Sep 12. 2016
THE JUNTA’S order to stop civilians being brought before the Military Court was welcomed yesterday but rights groups said it would not significantly reduce worries related to the justice system. 
Prime Minister Prayut Chan-o-cha, as chief of the National Council for Peace and Order (NCPO), yesterday ordered the end of the Military Court’s jurisdiction over lese majeste cases and internal security offences, so such matters will now go back to civilian Courts of Justice.
The junta’s order no 55/2559 cited peace and calm as well as the smooth national referendum on the charter as reasons for relaxing security measures in order to grant full rights to national citizens in accordance with the rule of law, human rights principles and the new charter, which will come into force soon. 
The order says under Article 44 of the Interim Charter, crimes related to security matters that take place from yesterday onward will be prosecuted in regular courts of justice.
The crimes include lese majeste in accordance with sections 107-112 of the Penal Code and offences against internal security under sections 113-118 such as sedition, possession of war weapons and explosive materials. 
The NCPO expanded jurisdiction of the Military Court to try civilians alleged to have committed crimes against the monarchy and national security since May 25, 2014, a few days after the coup toppled the elected Yingluck Shinawatra government. 
More than 1,800 individuals were prosecuted in the Military Court over that 27-month period and trials will continue in that forum as the order yesterday was not retroactive. 
However, NCPO order 55/2559 yesterday retained permission for military officials to do a policing role.
Bringing civilians for prosecution in military courts was widely criticised by the international community and human right defenders.
The UN Human Rights Council in its second Universal Periodic Review in Geneva in May recommended that the government and junta should end the Military Court’s role in hearing cases related to civilians. Military courts were criticised for a lack of independence and rule of law.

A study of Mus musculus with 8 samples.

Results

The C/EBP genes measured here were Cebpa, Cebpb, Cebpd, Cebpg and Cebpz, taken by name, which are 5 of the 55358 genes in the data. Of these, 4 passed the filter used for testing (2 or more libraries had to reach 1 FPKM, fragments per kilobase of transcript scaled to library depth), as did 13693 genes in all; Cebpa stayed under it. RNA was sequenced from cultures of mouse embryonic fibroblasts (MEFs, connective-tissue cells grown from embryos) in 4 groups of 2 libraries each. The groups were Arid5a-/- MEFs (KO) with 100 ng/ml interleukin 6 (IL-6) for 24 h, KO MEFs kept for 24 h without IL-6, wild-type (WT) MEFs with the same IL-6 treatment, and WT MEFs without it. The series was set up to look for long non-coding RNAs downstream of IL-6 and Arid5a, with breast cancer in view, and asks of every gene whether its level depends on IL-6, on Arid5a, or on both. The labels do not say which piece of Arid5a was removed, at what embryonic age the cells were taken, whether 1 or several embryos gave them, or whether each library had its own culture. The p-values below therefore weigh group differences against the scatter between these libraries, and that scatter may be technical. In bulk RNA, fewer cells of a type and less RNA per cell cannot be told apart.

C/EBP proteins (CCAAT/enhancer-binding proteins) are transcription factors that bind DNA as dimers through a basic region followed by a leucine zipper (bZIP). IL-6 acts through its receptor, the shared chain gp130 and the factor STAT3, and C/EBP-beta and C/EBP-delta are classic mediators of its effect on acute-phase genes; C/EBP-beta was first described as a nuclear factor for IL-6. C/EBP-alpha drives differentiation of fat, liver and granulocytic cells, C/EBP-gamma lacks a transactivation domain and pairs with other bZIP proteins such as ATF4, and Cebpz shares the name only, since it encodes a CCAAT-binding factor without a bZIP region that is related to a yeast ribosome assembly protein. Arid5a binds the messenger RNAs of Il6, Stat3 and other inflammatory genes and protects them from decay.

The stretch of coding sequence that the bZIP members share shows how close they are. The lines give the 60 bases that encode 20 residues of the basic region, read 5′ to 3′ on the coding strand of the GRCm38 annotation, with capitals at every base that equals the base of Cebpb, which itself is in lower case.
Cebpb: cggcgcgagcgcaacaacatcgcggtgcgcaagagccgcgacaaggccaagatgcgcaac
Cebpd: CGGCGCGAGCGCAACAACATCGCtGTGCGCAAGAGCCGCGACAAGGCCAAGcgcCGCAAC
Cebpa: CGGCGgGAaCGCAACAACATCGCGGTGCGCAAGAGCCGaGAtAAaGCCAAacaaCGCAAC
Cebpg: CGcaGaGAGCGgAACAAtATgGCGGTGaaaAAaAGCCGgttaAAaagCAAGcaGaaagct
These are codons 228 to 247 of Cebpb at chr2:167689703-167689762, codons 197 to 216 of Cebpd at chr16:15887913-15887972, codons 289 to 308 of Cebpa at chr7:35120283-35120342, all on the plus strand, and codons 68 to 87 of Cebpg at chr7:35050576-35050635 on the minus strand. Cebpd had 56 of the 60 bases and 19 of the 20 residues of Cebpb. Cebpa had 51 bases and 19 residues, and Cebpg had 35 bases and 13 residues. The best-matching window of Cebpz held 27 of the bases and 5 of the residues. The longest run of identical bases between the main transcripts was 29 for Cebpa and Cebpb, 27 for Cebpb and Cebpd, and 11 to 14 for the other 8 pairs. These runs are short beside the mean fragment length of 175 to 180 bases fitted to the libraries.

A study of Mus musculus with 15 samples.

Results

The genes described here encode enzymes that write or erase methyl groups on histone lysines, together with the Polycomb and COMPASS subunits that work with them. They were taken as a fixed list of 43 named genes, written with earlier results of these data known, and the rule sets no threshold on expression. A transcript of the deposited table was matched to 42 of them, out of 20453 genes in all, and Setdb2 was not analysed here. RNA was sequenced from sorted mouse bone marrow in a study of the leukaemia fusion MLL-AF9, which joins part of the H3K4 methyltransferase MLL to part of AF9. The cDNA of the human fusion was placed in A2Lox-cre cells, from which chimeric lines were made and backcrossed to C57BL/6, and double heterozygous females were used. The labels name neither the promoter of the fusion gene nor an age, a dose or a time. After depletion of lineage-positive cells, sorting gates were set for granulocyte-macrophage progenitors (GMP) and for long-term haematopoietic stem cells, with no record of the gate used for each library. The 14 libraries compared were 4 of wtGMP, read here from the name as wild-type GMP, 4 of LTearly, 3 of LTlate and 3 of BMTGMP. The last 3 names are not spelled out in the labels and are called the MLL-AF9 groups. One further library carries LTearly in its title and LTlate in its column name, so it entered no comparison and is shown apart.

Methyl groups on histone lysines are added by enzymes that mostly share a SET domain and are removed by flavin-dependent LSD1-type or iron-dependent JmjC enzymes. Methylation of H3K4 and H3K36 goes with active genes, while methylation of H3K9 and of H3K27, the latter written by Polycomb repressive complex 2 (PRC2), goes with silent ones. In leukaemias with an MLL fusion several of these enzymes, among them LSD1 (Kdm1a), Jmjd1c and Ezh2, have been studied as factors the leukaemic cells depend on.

But human rights advocates and lawyers said the junta’s order to lessen the military’s overwhelming power might not alleviate fears linked to the justice system, as it did not solve concerns at the grassroots level.
“Courts lie almost at the end of the justice process,” said Sunai Phasuk, a senior researcher on Thailand for Human Rights Watch’s Asia division.
“But what is important is what is between the process. The order still lets military officers be equipped with police power. They can still perform arbitrary searches, arrest and detentions. That’s what we are still concerned about but remain unfixed.”
Sunai thought that the order could pre-empt a ruling on the NCPO’s actions during reports to the United Nations Human Rights Council (UNHRC) this month. That forum is where the junta government gives updates on its rights efforts after having been grilled in the UNHRC’s Universal Periodic Review in May.
Still, Sunai considered the order as a welcome attempt to adjust the power structure of the Military Court. 
“But the junta should also look at root causes and how their so-called law violations are construed, if they are truly honest about enhancing the rights situation as claimed,” he said. 
Yingcheep Atchanont, of the Internet Law Reform Dialogue (iLaw), said the group had evaluated the overall political situation and concluded that the shift would not make a significant legal change.
“I think all courts have become influenced,” Yingcheep said. “For instance, there were cases that civil courts did not grant bail to people accused of lese majeste. They also punished people violating the [junta’s] ban on political gatherings [of more than four people].”
He felt that civil courts, despite not being attached to the military, had not done enough to check and balance the junta’s judicial power. “The lifting of the Military Court’s power may sound soothing. But by doing so, the junta also accepted that earlier roles of the court were not respecting the rights of accused people,” he said.
According to Thai Lawyers for Human Rights, there have been 1,546 cases brought to military courts since the junta came to power in 2014 with 1,811 people involved. Around 80 per cent of cases related to “wrongful” possession of arms and were not linked to political disturbances.